A Fork on the Road

New Campo in Miami Beach offers Argentine grill and more


If you go

Place: New Campo Argentino

Address: 6954 Collins Ave., Miami Beach

Contact: 305-864-3669, newcampoargentino.com

Hours: 11 a.m.-midnight daily

Prices: Appetizers $4.50-$14.90, mains $10.90-$45.90, dessert $6.90-$9.50

Side Dish

Golden Brown Potatoes (Papas Doradas)

This potato dish, adapted from “The South American Table” by Maria Baez Kijac (Harvard Common Press, 2003) is popular served with grilled meats, fish or poultry.

2 tablespoons butter

2 tablespoons olive oil

6 medium-size baking potatoes, peeled and diced

Minced fresh flat-leaf parsley to garnish

In a large, heavy skillet, heat the butter and oil over medium heat until the butter melts. Add the potatoes and cook, tossing frequently, until lightly browned on all sides and season with salt and pepper to taste. Reduce heat to low, cover, and cook, stirring occasionally, until soft, about 10 minutes. Transfer to a serving platter and sprinkle with parsley. Makes 6 servings.

Per serving: 237 calories, 32 percent from fat, 8.5 g fat, 3 g sat fat, 4 g mono fat, 10 mg cholesterol, 4 g protein, 37 g carbs, 5 g fiber, 40 mg sodium


A Uruguayan family runs New Campo Argentino in the Little Buenos Aries neighborhood of Miami Beach offering grilled meats, pastas, pizza, salads and sandwiches.

New campo means “new farm” as the current owners bought out an Argentine three years ago and created a menu including all the favorites of the pampas region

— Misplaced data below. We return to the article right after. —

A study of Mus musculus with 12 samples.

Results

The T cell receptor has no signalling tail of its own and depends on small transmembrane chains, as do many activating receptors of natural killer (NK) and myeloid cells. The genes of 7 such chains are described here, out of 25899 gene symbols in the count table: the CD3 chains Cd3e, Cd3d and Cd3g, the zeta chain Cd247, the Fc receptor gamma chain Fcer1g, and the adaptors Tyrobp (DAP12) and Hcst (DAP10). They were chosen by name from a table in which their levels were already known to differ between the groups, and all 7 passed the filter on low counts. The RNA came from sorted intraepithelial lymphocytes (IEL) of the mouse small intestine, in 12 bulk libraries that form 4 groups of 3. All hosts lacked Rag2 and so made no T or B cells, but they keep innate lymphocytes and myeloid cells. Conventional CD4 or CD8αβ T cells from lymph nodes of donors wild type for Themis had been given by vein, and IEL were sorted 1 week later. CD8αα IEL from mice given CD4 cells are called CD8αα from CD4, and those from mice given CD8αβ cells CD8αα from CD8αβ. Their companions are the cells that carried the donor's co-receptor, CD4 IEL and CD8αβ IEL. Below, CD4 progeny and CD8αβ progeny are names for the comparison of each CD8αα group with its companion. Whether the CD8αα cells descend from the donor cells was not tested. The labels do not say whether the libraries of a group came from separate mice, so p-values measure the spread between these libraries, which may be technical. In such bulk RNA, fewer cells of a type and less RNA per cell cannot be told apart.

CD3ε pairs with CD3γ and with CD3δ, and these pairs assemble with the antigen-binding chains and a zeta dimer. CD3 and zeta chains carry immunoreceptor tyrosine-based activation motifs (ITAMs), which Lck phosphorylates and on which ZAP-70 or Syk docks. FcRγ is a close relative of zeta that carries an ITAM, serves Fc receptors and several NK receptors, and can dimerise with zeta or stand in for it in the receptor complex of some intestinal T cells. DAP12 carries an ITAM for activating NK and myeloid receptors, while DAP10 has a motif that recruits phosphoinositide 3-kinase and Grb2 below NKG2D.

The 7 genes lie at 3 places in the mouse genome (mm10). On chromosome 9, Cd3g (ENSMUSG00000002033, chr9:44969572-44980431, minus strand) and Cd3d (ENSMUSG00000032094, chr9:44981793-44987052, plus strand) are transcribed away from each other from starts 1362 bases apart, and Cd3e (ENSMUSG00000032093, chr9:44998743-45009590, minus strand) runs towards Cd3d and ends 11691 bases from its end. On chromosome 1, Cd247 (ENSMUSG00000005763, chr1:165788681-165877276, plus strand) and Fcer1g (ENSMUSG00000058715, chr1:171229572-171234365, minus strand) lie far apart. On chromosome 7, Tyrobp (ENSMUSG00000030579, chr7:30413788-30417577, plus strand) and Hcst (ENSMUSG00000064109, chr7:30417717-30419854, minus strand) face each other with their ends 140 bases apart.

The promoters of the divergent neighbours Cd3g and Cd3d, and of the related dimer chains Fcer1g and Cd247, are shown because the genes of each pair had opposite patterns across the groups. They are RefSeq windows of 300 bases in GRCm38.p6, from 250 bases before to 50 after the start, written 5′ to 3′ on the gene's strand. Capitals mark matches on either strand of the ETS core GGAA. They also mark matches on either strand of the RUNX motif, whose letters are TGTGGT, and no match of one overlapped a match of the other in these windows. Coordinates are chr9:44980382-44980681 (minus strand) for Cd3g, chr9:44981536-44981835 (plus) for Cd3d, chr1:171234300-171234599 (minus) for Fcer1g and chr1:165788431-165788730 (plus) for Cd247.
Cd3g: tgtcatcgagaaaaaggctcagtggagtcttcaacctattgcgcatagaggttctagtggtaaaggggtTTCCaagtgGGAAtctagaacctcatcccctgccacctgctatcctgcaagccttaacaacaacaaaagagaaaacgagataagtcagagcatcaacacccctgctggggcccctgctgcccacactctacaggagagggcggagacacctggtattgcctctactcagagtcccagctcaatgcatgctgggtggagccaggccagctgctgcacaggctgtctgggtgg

.Owner Gabriel Ottati is named after a town in southwest Italy where his father immigrated from to Uruguay. He cooks and runs the restaurant with his half-brother Federico Legaz, who has an Argentine father. They grew up in Punta del Este on the Atlantic coast of eastern Uruguay and came to Miami 13 years ago after a stint at a pizzeria in Ibiza, Spain.

Uruguay is said to mean “river of painted birds” in the Guarani Indian language and the dishes here flow from colorful Gaucho and Italian traditions. Uruguay has millions more cows than people and beef rules at the table. Here one can go for the parrillada (for one or two), bringing grilled skirt steak, chicken, chorizo, morcilla (blood sausage), short ribs and mollejas (sweetbreads). There’s also expertly salted and flamed rib eye, New York strip andvacio (lean flank steak). Specialties include filet mignon brochettes skewered with onions and peppers served with potato salad and green peppercorn sauce and the lomito al Campo is a steak sandwich topped with ham, bacon, mozzarella and a fried egg.

There are also grilled slabs of provolone sprinkled with oregano. Meaty grilled portobello mushrooms are stacked with layers of pomodoro sauce, roasted eggplant and prosciutto capped with fresh mozzarella. Panquequesare thin crepes are rolled up in dulce de leche for a sweet finish.

Linda Bladholm is a Miami food writer and personal chef who blogs at FoodIndiaCook.com.